Investors always try to time the market to maximise their returns. Yesterday we saw another roller coaster ride in the market. The markets saw huge losses during Asia and early trading session in the U.S., but bounced back strongly on some positive news. Is it really possible to time the market or is it just a random walk in Wall Street?
What happened to the market?
The Dow Jones Industrial Average closed 157.62 points higher on Monday. This was after the blue-chip index fell more than 760 points earlier in the session. The S&P 500 fell as much as 2.5% but gained 0.8% at then end of the session. Likewise, the Nasdaq Composite fell up to 1.9% and ended up 1.4% higher. All the early losses were erased by the end of the trading session.
The Federal Reserve said it would buy individual corporate bonds not just in the primary market. It would expand its scope to buying from the secondary market as well. This had remained a matter of speculation until Monday afternoon.
Fighting the 800 pound gorilla
Federal Reserve and the U.S. Government unleashed several rounds of measures to counter the effects of COVID-19 on the economy. This sparked the rally off the bottom formed on 23-Mar-2020.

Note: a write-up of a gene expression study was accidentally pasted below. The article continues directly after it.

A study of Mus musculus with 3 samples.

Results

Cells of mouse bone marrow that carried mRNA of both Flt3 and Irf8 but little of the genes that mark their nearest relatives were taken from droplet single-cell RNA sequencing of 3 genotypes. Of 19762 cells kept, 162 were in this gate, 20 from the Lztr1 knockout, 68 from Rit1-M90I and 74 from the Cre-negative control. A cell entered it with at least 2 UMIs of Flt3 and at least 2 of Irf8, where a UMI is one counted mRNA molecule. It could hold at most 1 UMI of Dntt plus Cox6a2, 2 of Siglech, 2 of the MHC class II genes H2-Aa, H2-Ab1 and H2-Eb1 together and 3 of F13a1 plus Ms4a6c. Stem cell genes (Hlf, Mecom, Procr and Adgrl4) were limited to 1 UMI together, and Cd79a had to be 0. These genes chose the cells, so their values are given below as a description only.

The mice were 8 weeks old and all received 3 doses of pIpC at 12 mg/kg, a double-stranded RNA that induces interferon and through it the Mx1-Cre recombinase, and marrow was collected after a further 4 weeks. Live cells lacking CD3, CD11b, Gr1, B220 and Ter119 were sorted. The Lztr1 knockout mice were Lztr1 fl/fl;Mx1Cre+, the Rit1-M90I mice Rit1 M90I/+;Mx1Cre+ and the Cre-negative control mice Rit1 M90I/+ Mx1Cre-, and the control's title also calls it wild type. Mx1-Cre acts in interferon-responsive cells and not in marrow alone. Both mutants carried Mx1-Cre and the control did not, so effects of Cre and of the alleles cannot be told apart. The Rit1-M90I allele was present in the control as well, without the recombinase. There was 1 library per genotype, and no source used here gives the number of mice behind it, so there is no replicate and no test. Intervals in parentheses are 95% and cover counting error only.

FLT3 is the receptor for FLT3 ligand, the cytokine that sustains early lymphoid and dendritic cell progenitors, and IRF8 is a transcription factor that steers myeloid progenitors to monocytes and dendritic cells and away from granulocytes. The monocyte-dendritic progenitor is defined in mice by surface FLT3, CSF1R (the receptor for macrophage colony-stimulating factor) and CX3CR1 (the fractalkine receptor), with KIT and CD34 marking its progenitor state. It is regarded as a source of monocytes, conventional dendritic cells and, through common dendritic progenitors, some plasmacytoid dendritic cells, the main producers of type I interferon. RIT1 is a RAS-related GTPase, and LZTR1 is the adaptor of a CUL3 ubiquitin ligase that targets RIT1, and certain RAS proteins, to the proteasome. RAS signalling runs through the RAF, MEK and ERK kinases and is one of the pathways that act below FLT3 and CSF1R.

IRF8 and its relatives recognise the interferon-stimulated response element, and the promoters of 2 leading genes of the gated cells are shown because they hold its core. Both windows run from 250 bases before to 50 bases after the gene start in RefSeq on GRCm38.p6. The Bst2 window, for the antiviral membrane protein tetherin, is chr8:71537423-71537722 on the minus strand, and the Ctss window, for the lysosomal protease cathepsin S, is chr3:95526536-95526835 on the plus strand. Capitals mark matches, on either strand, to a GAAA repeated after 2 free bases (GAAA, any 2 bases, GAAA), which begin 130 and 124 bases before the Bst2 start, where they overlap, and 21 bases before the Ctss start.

Bears who had been calling this meteoric V-shape recovery a “dead cat bounce” had been time and again disappointed. The Fed has unlimited bullets in their arsenal and will spare no effort to ensure market is flushed with enough liquidity to stamp out the COVID-19 impact.
This reminds me of my school days when i was an avid gamer. I tried ways and means to hack the codes to get unlimited bullets and life. As a result, i was able to bulldoze my way through the dungeons to fight the “big bosses”. Nowadays, gamers pay cash to buy equipment to outfight their opponents and even trade the items for profits.
So it made me wonder if traders still have the edge in trying to time the market against an opponent who has unlimited ammunition.
Back to the basics
Instead of trying to time the market, seasoned investors will advocate spending time in the market. That is more likely to give you good returns over the long term. Base your investment decisions on the long-term fundamentals rather than short-term market noise.
Not only is it difficult to time the market, it also poses the risk of missing the good days when share prices increase significantly. Historically, many of the best days for the stock markets have occurred during periods of extreme volatility.